But a local nonprofit started by a group of St. Paul neighbors four decades ago is still helping Minnesotans get into the homes of their dreams.

READ MORE: New Affordable Housing Unit In North Minneapolis Uses Shipping Containers

A few months ago after renting for years, Saulsberry found the house with enough room for her and her 155-pound dog, Biggie.

“I woke up one morning and I got a ding on my phone, and I looked and I was like, ‘Oh, this might be the house,’” said Lori Saulsberry of Minneapolis.

But it’s still a sellers’ market, and the downpayment was intimidating.

“I was outbidded four times,” said Saulsberry. “I’ve looked high and low for a house I could afford in an area I was comfortable in.”

That’s where NeighborWorks Home Partners stepped in. The nonprofit helps roughly 1,000 Minnesotans each year with things like downpayment assistance, credit repair, preparing to buy a home, and budgeting, especially for first-time homebuyers and People of Color.


According to a report published by the Urban Institute, about seven in 10 white families in the Twin Cities own their homes. For Black families it is roughly two out of 10, representing the largest gap in the country.

“That can be due to predatory lending. It can be due to the persistent effects of redlining,” said Welliver. “Especially if your expenses are higher, because you’re paying high rent, it can be hard to accumulate enough savings for that downpayment.”

With the boost from NeighborWorks, Saulsberry now pays less every month and has a place she can put her stamp on.

“A lot of people don’t know about it, but they should because it’s huge,” said Saulsberry. “More People of Color really need to start building wealth, and that’s in home ownership.”

MORE NEWS: Given A Hot Housing Market, What Pitfalls Await Buyers Who Forgo Inspections?

NeighborWorks also helps homeowners stay in their homes. It’s expecting the need for their free foreclosure prevention counseling sessions to pick up in the coming months.







Answer: Well done to you for getting back on your financial feet. Climbing your way out of debt is a marathon – it takes sacrifices and planning, so you’ve taken some really important steps in your financial journey.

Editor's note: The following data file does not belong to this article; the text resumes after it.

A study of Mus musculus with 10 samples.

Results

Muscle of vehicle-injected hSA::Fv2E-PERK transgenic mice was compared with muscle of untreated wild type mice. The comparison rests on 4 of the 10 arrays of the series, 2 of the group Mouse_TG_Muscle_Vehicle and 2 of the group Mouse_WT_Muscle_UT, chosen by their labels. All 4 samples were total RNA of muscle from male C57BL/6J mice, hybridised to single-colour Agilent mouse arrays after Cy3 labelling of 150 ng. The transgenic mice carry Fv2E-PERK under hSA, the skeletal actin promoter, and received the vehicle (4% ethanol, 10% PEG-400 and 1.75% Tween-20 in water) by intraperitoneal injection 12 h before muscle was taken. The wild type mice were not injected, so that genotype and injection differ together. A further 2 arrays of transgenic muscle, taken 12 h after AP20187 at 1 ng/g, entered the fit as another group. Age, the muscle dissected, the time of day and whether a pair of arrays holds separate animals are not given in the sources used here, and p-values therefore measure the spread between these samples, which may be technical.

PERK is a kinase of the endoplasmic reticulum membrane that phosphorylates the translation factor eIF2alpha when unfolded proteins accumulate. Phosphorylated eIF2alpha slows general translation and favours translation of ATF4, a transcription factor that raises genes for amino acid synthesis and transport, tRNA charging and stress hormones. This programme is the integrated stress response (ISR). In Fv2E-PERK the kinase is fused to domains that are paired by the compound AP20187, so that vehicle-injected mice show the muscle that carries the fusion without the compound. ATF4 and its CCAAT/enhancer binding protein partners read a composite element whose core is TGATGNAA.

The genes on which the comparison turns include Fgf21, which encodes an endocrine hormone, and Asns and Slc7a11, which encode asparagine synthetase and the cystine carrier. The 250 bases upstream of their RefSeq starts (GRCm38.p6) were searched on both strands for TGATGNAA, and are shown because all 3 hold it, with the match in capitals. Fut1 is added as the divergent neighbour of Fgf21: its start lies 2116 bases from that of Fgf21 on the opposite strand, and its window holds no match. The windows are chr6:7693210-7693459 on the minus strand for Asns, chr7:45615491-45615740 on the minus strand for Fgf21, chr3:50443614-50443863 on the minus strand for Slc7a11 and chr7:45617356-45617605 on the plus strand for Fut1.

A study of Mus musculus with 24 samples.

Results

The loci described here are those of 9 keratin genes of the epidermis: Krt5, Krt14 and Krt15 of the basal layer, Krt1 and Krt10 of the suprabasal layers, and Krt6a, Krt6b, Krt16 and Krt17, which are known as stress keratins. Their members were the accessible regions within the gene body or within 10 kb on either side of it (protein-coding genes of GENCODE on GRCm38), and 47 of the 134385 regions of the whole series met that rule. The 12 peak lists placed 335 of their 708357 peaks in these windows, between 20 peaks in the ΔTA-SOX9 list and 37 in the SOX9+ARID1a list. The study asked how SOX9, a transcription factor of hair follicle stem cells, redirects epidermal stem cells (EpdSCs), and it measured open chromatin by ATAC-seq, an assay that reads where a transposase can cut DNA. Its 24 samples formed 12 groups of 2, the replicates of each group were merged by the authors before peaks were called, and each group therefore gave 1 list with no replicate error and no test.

The good news is that the negative information – the records of missed payments, defaults and even county court judgments – won’t stay on your credit report forever. Details of your late payments can be viewed for six years after they were settled. Searches and rejections of credit typically disappear after 12 months. So this dark cloud won’t hang over you forever.


Registering to vote by getting on the electoral roll can boost your credit score, while you may even be able to add the record of your monthly rent payments to your credit score by asking your landlord to report rental payments to firms like The Rental Exchange, CreditLadder or Canopy.

Experian has launched a new tool that allows you to share information about your banking habits and subscriptions – information which is not traditionally factored into your credit score – in order to increase your score. That means paying your council tax or even paying for Netflix and Amazon Prime could give your score a boost.

If you still want a credit card, your choice is likely to be limited to a particular set of cards designed for people with poor or ‘thin’ credit histories. These are known as ‘credit-builder’ cards, or sometimes ‘bad credit’ cards.

These cards have higher interest rates compared to the most competitive products in the market, to reflect the risk that a lender is taking in by providing credit to someone with a history of repayment problems. You can expect to find an APR of around 29 per cent. They also have lower limits, so when you apply, don’t be surprised to find that the lender will initially only give you £250 to £500.

However, these cards can be used to demonstrate that you are a responsible borrower, can repay on time and stay within your credit limit.

Here’s the golden rule – avoid borrowing money on these credit cards. Purchases tend to be interest-free for 55 days, after which you’ll be charged a considerable amount of interest. So limit the use of these cards, and when you do use them, try to pay them off in full. If you don’t pay on time, you will lose any promotional offer, be hit with a fee and your provider will report your missed payment to the credit reference agencies, reversing any good work you might have done. Set up a direct debit to ensure that your minimum payments are met in advance of the credit card payment date.

When you apply, use an eligibility checker first. This will ask for some basic information and carry out a ‘soft search’ on your credit file, returning a list of cards and the probability of your application being successful. That would be a helpful guide to find a card that is likely to accept you.